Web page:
Brothers on the bagpipes – Sons of the Most Holy Redeemer


The main form of music in the Papa Stronsay community, also known as the Sons of the Most Holy Redeemer and the Transalpine Redemptorists, is Gregorian chant but three of the monks have been playing the chanter and are moving on to the pipes.

The order was founded in 1988 on the Isle of Sheppey in England but they moved to France in 1994 before settling in their current home of Papa Stronsay in the Orkney Isles in 1999.

Father Anthony, Brother Peter and Brother Seelos visited the Centre in Glasgow for some advice on the transition from chanter to pipes.
But instruments weren’t always part of their way of life. Father Anthony said: “Within our rule it was forbidden to play instruments, but because our original founder played the harpsichord it was permitted to play the piano and because we are in Scotland, we have added the bagpipes as well.

“Father Michael, our Superior, has a brother who plays the bagpipes. We had a piper leading our procession into the village when we first opened the house in Walsingham in England and again, when we moved to France, Father Michael’s brother played the pipes for our procession at the opening of the monastery.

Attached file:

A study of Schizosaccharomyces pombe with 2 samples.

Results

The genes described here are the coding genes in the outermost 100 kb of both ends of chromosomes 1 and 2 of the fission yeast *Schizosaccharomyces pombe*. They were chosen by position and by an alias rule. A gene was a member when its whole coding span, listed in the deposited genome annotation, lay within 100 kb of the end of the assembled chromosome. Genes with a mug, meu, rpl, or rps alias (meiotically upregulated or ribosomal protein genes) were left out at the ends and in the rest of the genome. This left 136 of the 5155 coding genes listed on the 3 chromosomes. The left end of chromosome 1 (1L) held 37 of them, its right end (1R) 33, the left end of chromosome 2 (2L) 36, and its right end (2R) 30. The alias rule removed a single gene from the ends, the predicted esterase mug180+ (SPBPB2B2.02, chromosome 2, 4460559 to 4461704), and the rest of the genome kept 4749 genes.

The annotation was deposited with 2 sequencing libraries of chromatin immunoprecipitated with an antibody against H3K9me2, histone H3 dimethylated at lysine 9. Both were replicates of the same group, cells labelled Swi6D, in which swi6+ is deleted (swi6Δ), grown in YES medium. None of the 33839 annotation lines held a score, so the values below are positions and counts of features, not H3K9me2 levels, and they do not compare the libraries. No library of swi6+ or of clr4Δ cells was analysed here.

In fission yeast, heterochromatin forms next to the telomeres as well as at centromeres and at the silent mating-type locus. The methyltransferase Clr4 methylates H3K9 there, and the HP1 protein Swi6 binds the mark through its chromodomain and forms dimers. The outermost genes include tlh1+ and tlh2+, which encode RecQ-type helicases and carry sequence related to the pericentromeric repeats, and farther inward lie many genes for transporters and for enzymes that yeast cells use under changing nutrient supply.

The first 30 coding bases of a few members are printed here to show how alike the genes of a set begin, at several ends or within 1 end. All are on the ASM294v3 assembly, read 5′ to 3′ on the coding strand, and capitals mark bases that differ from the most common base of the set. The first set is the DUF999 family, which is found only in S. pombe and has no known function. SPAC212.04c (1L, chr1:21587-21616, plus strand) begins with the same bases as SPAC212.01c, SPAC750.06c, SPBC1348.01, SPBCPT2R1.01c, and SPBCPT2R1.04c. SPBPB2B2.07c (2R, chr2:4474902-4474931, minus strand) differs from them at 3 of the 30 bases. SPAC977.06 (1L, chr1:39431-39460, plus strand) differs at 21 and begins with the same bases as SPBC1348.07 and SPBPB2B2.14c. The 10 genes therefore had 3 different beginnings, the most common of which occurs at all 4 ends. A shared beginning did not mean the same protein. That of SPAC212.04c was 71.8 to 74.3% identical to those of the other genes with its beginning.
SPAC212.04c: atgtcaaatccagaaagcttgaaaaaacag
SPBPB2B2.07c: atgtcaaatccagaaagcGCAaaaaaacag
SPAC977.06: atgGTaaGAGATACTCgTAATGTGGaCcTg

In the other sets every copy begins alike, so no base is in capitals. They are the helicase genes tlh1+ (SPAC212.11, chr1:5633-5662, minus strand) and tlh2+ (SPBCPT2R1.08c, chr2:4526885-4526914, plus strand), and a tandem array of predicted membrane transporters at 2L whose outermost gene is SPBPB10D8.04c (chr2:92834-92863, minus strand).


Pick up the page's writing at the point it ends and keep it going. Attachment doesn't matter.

“We have had those previous connections with the pipes and now that we are living in Scotland, Father Michael suggested it would be good to learn the bagpipes.

“I started learning about 10 years ago but due to too much work I stopped. In January last year Father Michael asked three of the brothers to start practicing every day, so we bought the book and chanters and now we have come for proper lessons. I also started playing again and I have been trying to catch up with the three brothers.”

Taking part in the course has encouraged them to try to step up their practice time, and like those outwith religious orders, it can be struggle to fit in playing the pipes or chanter as well as their other daily duties.

Father Anthony: “We don’t have a lot of time in our day for practice but we have learned a lot of things from this course and one of the things we will suggest is that our practice time increases every day.

“And there will be practical uses for our playing. We opened up a place in New Zealand a few years ago and we have a Marian procession every year. We have previously invited pipers from Dunedin to lead the procession but in the future we would hope to do that ourselves — and it certainly attracts attention.

“One of the reasons we came to The National Piping Centre was to help with our transition from playing the chanter to playing the pipes, and get someone to show us exactly how the pipes work — there is a lot of blowing.
“It is going to take us a while to get used to the bag and the pressure and eventually get a few tunes out.”